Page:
Our Public, Regulatory & Investigations or Banking teams look at the rising issue of ‘greenwashing’ in the corporate world. They explore what it is, why it can be so damaging and the key role that management and accountants play in ensuring that they are able to recognise and avoid it.

Greenwashing is likely to be detrimental to a business’s reputation once the misleading activity is exposed. ‘Greenwashing’ is commonly understood to occur when a company engages in practices to mislead or capitalise off the desire for environmentally friendly products or services. This is done by presenting a false impression that its actions, aims, or products are greener than they really are. We examine how auditors and financial boards can gauge good practices in an area that is increasingly the focus of regulators.

Greenwashing may mislead investors and consumers who may forgo savings on a similar products and services, by paying a premium for what they believe to be a ‘greener’ product. Ultimately the practice represents a serious risk to business. This is particularly concerning because a recent Competition and Markets Authority global review of randomly selected websites found that 40% of green claims made online could be misleading.

In its Global Financial Stability Report, the IMF noted that “proper regulatory oversight and verification mechanisms are essential to avoid greenwashing”. For example, Irish Auditing & Accounting Supervisory Authority (IAASA) has challenged issuers’ climate targets and requested information underpinning “net zero” commitments.

What does this mean for management, directors and audit committees?

  • Pay close attention to how social responsibility goals and efforts to implement the goals are communicated externally. Managers should ensure that these goals are achievable and that there is credible evidence to show that the green claim is true.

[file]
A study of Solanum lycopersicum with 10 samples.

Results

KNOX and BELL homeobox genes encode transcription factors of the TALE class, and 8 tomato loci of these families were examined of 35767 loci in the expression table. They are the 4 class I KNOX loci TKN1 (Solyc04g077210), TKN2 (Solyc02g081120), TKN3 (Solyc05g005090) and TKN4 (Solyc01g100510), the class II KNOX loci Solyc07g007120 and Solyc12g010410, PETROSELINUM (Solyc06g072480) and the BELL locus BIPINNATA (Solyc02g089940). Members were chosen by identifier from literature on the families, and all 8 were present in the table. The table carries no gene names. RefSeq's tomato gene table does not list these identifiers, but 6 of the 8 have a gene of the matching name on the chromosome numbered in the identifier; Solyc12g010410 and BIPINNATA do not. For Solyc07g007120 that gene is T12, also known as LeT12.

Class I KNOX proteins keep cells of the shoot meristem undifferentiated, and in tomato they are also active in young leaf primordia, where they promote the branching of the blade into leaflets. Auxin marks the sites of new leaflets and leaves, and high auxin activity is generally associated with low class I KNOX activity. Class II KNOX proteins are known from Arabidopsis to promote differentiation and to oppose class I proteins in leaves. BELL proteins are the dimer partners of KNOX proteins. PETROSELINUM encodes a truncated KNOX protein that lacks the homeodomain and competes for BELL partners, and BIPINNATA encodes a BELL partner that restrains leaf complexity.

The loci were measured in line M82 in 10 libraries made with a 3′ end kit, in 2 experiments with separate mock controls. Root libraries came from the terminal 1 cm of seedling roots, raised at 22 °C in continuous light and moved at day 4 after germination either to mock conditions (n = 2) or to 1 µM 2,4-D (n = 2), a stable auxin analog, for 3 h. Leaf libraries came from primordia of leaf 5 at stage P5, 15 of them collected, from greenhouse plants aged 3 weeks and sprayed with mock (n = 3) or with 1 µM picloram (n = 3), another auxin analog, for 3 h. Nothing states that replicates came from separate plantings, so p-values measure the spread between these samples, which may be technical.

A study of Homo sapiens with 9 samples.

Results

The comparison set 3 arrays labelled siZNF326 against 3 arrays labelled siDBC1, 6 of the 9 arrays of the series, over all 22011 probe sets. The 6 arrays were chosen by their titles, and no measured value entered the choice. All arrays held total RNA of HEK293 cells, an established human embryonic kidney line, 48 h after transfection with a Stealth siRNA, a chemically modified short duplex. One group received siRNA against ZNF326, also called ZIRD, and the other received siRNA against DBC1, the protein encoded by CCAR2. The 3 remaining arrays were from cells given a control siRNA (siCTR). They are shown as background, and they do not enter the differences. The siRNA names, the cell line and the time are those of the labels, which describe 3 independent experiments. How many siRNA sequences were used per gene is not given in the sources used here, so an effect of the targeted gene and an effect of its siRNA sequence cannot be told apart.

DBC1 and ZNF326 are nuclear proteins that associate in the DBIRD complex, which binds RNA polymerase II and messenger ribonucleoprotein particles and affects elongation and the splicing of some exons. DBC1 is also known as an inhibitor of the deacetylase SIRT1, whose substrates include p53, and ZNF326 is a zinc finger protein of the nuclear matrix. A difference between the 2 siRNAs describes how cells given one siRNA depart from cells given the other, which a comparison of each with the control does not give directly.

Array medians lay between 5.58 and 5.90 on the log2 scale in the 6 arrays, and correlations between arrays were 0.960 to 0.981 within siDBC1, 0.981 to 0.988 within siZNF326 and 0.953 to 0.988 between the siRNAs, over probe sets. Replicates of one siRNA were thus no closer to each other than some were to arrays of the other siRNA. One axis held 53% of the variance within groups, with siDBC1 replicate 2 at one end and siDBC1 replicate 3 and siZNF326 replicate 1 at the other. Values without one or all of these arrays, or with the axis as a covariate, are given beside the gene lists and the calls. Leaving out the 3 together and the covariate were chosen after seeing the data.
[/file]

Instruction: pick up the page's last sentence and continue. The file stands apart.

• Ensure that green claims don’t exaggerate positive environmental impact or contain anything that is not correct, whether this is clearly stated or implied.
  • Beware not to breach regulatory requirements when making green claims, for example, Consumer Protection legislation or the European Green Deal legislation which requires all large companies and listed companies (except micro-enterprises) to disclose information on social and environmental activities.

What does this mean for accountants?

  • Carefully review green assertions by companies and seek evidence to back up these claims. Pay particular attention to claims that appear to be too good to be true and ensure that there is a balance and consistency between the disclosures in the management commentary and in the financial statements.
  • Check whether claims have been independently verified by third parties, for example, Fair Trade.
  • Apply skills of professional scepticism and attention to detail when considering the difference between fact and fiction.


According to IAASA, consideration of “consistency of climate-related information between financial statements and other pronouncements will likely be a current topic” over the next few years. It is therefore essential for businesses and accountants to become familiar with developments in this area and to ensure compliance with applicable regulatory requirements.

For more information and expert advice, contact a member of our Public, Regulatory & Investigations or Banking teams.

The content of this article is provided for information purposes only and does not constitute legal or other advice.